Monitoring Coastal Bird
Mortality in Québec
30 June 2016
– Seasonal activity for the
Beached Bird Survey is on the rise. So far this year, surveyors
have submitted observations from 41 beaches.
This long-term program collects baseline information on the causes
and rates of mortality of seabirds, and other species, using the Estuary
and the Québec portion of the Gulf of the St. Lawrence. Last year, data
were submitted for 239 visits to 52 beaches, covering nearly 80 km along
the Côte-Nord and the Bas-Saint-Laurent, and around the Gaspésie
peninsula. In total, 102 beached birds of 16 species were reported, none
of which were oiled. Some participants also collected checklist data of
the live birds they encountered, providing a valuable profile of beach,
shore, and inshore water use by close to 57,000 individuals of 129
Do you regularly walk a beach in one of the above regions during
the year? If you’re interested in joining the survey, email Andrew P.
This project was undertaken with the financial support of the
Government of Canada, and is conducted with the help of the Club des
Ornithologues du Bas-Saint-Laurent.
New Great Lakes MMP Report
28 June 2016
– Bird Studies Canada recently published a report that
provides a snapshot of the occurrence of marsh birds and frogs within
the Nottawasaga Valley - Lake Simcoe watershed compared to other
watersheds in southern Ontario, using
Great Lakes Marsh
Monitoring Program data. The report concludes that marshes
within the Nottawasaga Valley - Lake Simcoe watershed are healthy
compared to most southern Ontario marshes, and that the future health of
the watershed’s wetlands depends on balancing further development with
effective conservation of wetlands and surrounding landscapes.
Visit our website to
the full report by Dr. Doug Tozer. To learn more about the
program or to volunteer, contact Kathy Jones at
Webinars Feature B.C. Atlas
28 June 2016
– Over the next two weeks, Bird Studies Canada will host two free
webinars on the Atlas of the
Breeding Birds of British Columbia. Each standalone one-hour
webinar will help users get the most out of their online atlas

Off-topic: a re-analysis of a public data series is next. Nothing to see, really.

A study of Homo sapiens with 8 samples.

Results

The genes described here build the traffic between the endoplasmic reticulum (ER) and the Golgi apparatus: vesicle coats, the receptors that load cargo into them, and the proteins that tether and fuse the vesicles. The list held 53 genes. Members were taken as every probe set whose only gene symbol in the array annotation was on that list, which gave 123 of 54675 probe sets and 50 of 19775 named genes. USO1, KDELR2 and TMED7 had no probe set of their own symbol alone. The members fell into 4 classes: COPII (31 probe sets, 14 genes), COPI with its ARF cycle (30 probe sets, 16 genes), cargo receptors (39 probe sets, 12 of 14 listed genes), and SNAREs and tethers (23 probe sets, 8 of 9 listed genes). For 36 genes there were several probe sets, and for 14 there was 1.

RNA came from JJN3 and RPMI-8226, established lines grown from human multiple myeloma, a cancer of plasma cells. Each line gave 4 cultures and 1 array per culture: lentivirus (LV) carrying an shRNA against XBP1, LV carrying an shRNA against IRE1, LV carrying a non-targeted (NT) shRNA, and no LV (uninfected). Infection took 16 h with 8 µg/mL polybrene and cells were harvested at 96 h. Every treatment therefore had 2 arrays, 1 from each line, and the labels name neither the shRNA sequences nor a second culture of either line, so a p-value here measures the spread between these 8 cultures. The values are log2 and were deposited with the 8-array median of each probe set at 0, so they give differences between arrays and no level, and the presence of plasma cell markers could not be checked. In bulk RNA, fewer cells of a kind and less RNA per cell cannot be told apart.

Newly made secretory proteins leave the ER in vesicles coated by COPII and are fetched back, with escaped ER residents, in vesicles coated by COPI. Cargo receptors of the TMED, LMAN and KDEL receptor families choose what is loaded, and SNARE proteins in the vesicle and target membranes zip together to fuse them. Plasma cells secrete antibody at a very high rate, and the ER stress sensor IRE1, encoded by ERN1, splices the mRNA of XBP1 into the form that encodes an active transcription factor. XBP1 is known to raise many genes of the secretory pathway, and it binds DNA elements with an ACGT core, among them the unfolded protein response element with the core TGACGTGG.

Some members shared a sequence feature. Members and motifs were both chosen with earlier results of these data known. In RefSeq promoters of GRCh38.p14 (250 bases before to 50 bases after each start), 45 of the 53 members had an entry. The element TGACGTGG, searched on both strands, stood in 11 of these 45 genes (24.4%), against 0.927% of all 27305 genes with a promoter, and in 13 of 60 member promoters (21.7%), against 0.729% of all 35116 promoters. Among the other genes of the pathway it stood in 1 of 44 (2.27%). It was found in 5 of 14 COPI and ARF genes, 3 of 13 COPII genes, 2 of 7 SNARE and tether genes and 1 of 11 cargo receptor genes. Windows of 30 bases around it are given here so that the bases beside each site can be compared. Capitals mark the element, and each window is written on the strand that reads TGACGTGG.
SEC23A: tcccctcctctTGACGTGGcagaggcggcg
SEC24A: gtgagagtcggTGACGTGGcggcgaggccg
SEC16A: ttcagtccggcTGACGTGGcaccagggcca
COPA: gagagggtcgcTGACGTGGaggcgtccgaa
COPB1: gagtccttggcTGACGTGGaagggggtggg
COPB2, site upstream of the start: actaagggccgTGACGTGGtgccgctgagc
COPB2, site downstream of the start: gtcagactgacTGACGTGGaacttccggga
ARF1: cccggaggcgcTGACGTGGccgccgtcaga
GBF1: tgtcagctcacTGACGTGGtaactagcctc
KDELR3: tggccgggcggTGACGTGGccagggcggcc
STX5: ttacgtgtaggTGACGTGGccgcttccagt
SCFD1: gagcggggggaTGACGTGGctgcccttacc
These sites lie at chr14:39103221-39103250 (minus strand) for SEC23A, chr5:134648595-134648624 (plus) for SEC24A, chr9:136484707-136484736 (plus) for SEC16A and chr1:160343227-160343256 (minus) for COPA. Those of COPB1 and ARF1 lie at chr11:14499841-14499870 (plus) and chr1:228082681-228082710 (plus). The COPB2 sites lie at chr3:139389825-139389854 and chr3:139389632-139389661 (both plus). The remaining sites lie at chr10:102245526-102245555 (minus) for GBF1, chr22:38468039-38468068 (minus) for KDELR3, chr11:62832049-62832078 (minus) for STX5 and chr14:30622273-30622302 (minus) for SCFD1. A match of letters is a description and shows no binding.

A general session for atlassers across B.C., as well as the wider
birding community, will take place on Thursday, July 7 at 6 p.m.
A second session targets environmental professionals, including
staff of government agencies, non-profit organizations, industry, and
environmental consultants. This webinar will be held on Thursday, July
14, at 10 a.m. PT.
Anyone interested in participating in one of these sessions should
register online at one of these links:
general interest or
environmental professionals. Please join us in celebrating and
exploring Canada’s first online bird atlas!
The B.C. Breeding Bird Atlas was undertaken with the financial
support of the Government of Canada, the British Columbia Ministry of
Environment, and more than 150 other donors and special contributors.
LPBO’s 57th Spring Migration
22 June 2016
– In the 57th spring of migration monitoring at
Long Point Bird
Observatory, staff and
volunteers banded 14,661 birds of 124 species, and counted millions of
birds of 300+ species. As always, there were many interesting
observations, which are summarized on the
LPBO Sightings Board.
Migration monitoring results inform population trend analyses and
research initiatives. This spring, LPBO supported research by numerous
university students, in addition to sharing data and providing training.
Study topics included night calls of migratory birds, differential
migration of male and female warblers, temperature regulation and
physiology of migratory bats, and tick-borne diseases. View our most
Program Report for more information about research conducted at
To learn more about migration monitoring in Canada, please visit
Bird Studies Canada’s
Monitoring Network pages.
New Ontario IBA Coordinator
1 June 2016
– Bird Studies Canada has hired Amanda Bichel as Ontario Important Bird
and Biodiversity Areas Coordinator. Please join us in welcoming Amanda!
Based at our National Office in Port Rowan, ON, Amanda will continue and
build on the good work of previous coordinator Mike Burrell, and align
with our national effort to establish and support IBA Caretaker Groups,
educate the public about birds, advocate for protection of IBAs, restore
habitats, and more.
For more information, consult the
IBA Canada website, contact
email@example.com, and check the
IBA Canada Facebook page
for program updates. Bird Studies Canada thanks the Ontario Trillium
Foundation and Wildlife Habitat Canada for supporting our work on IBAs.